Henmi and colleagues analyzed the results of different reimplantation techniques of segmental arteries during thoracoabdominal aortic aneurysm repair. Among 172 patients, 111 underwent segmental artery reconstruction via graft interposition, 38 via single-cuff anastomosis, and 23 via island reconstruction. The graft interposition technique had a poor patency rate. Island reconstruction and single-cuff anastomosis offered better patency, however island reconstruction required reoperation for patch aneurysm. The authors conclude that single-cuff anastomosis is a more reliable technique in terms of early and long-term outcomes.
The January update of an expert panel from the American College of Chest Physicians on the expanding clinical entity of pulmonary hypertension, especially pertinent to the transplant community.
Remote ischemic preconditioning did not influence 12-month survival or readmission rates in a randomized trial involving more than 5,400 patients undergoing percutaneous coronary intervention after ST-segment elevation MI.
The authors reviewed the New York State database. Patients with single arterial grafts were compared to those with multiple arterial grafts. Propensity matching was performed based on 38 baseline characteristics. Twenty percent had multiple arterial grafting. There was no difference at one year but at seven years the multiple arterial graft group had lower mortality and a lower repeat revascularization rate.
Interesting viewpoint of a cardiologist on low-SYNTAX subjects.
The growth and replication of cardiomyocytes derived from stem cells is insufficient to permit regeneration of functioning heart tissue. In this study, the authors used stem cell-derived epicardial cells to facilitate myocardial regeneration. Tissues from such stem cells enhance the structure and function of heart muscle by improving contractility, calcium handling, and myofibril structure. In a rat heart model, this intervention produced functional improvements for up to three months.
This review details the risks of surgical smoke exposure, which include lung injury and cancer. The level of risk has yet to be determined. Most operating rooms do not require smoke evacuation devices, but their use should be considered.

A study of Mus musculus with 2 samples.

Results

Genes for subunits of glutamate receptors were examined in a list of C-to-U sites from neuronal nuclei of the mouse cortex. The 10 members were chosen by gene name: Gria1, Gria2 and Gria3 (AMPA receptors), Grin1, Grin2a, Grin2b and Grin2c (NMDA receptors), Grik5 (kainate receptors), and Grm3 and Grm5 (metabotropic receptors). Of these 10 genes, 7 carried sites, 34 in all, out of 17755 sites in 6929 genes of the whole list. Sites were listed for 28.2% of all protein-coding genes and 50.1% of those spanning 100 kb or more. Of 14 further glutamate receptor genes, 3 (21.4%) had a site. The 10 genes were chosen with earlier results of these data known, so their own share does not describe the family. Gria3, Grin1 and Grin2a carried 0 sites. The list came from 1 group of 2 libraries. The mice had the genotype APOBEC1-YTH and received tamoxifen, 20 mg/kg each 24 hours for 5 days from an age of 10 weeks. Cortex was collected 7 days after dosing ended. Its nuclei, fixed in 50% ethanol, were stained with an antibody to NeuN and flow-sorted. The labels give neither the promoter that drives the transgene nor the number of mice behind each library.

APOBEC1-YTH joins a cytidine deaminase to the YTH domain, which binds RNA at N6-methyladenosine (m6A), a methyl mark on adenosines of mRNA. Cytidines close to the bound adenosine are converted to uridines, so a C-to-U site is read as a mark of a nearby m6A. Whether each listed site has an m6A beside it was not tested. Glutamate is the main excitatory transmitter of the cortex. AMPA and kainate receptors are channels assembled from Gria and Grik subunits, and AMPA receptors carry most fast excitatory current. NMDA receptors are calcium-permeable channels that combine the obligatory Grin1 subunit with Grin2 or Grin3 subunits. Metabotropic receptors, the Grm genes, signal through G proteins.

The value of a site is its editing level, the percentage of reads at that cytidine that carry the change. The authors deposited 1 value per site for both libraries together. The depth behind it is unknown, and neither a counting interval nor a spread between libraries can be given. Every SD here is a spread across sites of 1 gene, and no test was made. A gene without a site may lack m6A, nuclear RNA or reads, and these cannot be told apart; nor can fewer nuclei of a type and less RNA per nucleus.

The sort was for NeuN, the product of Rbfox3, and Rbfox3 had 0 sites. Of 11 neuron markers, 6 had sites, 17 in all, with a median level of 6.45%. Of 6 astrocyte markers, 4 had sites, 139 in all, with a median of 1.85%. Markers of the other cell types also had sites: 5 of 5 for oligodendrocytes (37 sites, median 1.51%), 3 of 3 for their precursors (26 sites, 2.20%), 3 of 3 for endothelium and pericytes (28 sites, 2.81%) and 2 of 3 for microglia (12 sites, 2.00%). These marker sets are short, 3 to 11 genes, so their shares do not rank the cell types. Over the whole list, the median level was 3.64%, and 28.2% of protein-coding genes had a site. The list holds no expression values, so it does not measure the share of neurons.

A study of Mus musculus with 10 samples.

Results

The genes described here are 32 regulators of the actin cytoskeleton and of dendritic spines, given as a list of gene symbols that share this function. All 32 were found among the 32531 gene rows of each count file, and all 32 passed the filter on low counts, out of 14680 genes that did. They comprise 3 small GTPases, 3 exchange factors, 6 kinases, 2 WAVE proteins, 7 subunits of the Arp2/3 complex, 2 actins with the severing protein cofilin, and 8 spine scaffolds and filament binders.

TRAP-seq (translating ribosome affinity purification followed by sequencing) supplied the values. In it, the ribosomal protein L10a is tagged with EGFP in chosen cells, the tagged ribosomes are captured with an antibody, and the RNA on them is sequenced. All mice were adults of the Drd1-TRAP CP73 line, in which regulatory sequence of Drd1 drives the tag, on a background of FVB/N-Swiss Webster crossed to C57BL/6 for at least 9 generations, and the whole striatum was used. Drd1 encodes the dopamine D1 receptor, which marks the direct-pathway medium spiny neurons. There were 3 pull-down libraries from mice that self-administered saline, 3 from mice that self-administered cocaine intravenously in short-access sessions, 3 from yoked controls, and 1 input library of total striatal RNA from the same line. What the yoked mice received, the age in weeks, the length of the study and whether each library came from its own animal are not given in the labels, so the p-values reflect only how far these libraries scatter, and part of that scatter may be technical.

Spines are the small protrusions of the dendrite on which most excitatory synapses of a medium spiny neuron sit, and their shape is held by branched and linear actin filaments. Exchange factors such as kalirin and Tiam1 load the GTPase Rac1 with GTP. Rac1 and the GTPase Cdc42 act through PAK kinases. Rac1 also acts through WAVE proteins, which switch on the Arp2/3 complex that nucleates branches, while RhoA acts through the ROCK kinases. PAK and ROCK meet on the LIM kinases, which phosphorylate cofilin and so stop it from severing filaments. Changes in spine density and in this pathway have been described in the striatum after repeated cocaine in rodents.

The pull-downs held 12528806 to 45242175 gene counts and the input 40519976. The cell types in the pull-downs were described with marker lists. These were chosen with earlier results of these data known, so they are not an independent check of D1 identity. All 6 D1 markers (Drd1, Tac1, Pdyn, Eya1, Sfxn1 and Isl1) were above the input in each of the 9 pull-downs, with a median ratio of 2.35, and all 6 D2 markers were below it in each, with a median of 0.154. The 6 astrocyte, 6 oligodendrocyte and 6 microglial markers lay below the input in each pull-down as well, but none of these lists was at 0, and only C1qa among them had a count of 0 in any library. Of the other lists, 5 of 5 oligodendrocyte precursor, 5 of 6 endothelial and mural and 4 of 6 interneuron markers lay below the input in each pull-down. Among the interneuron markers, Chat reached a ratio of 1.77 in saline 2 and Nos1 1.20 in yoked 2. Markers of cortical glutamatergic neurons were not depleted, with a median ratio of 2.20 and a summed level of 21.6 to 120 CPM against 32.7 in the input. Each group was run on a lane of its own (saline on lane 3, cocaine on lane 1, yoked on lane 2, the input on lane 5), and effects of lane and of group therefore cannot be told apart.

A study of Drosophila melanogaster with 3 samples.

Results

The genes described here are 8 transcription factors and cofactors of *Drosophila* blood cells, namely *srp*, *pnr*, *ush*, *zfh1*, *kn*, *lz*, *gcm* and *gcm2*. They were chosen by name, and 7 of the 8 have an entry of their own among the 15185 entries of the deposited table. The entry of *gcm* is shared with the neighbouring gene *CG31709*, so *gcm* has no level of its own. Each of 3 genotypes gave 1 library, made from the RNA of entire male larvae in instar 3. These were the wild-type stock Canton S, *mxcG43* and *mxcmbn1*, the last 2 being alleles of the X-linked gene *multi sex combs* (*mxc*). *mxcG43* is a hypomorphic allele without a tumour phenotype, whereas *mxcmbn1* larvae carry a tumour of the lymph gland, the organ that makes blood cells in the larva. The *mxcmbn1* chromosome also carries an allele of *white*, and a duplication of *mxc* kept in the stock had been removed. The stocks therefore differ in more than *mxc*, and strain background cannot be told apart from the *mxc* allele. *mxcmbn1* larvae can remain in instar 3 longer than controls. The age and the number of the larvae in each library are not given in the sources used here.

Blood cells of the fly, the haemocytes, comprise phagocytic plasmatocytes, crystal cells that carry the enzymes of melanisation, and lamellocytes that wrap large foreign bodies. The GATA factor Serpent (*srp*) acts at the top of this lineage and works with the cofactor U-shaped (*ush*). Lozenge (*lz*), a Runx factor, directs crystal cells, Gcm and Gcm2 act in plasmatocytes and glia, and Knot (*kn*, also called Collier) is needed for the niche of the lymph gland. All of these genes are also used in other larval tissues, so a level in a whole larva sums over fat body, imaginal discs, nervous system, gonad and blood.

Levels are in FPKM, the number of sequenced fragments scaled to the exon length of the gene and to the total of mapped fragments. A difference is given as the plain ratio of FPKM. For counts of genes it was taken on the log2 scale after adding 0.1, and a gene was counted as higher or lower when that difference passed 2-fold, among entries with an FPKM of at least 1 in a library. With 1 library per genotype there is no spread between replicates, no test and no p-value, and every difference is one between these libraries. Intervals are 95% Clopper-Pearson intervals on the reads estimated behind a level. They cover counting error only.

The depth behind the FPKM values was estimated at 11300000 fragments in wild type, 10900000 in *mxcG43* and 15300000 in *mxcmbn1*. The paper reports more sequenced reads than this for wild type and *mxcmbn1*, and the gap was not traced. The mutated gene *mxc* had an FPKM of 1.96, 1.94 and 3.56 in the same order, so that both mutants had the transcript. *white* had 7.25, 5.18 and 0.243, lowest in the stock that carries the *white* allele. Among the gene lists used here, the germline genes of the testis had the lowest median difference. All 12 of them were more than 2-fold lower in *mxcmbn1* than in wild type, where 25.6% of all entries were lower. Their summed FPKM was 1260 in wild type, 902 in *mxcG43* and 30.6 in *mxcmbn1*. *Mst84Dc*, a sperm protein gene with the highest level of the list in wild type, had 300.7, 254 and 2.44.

In this best evidence topic paper, the authors examined outcome and safety of innominate artery cannulation versus axillary artery cannulation in thoracic aortic surgery. There were no significant differences in mortality with innominate artery cannulation compared to axillary artery cannulation. In most studies, a stroke occurred slightly less frequently in patients receiving innominate artery cannulation compared to axillary artery cannulation. The authors conclude that innominate artery cannulation is noninferior to axillary artery cannulation.
Gershengorn and colleagues evaluated the incidence and safety of overnight extubation following coronary artery bypass grafting (CABG), using retrospective data from The Society of Thoracic Surgeons Adult Cardiac Surgery Database. Between 2014 and 2017, 42% of patients undergoing elective CABG had an overnight extubation, a rate that the authors report is similar to patients undergoing other cardiac procedures. For patients who had mechanical ventilation duration of six to eight hours, overnight extubation was associated with increased reintubation and longer intensive care unit stays, but less reintubation and reduced length of stay were observed for patients extubated overnight who had mechanical ventilation durations between nine and 20 hours. No difference in mortality was noted with overnight extubation, and the authors conclude that the practice is prevalent after cardiac surgery and that it is associated with little risk.
Using an approach that minimizes valve depth relative to the membranous septum, the authors reduced the need for permanent pacemaker placement to a reliable and predictable 3% compared to the accepted standard of 10%.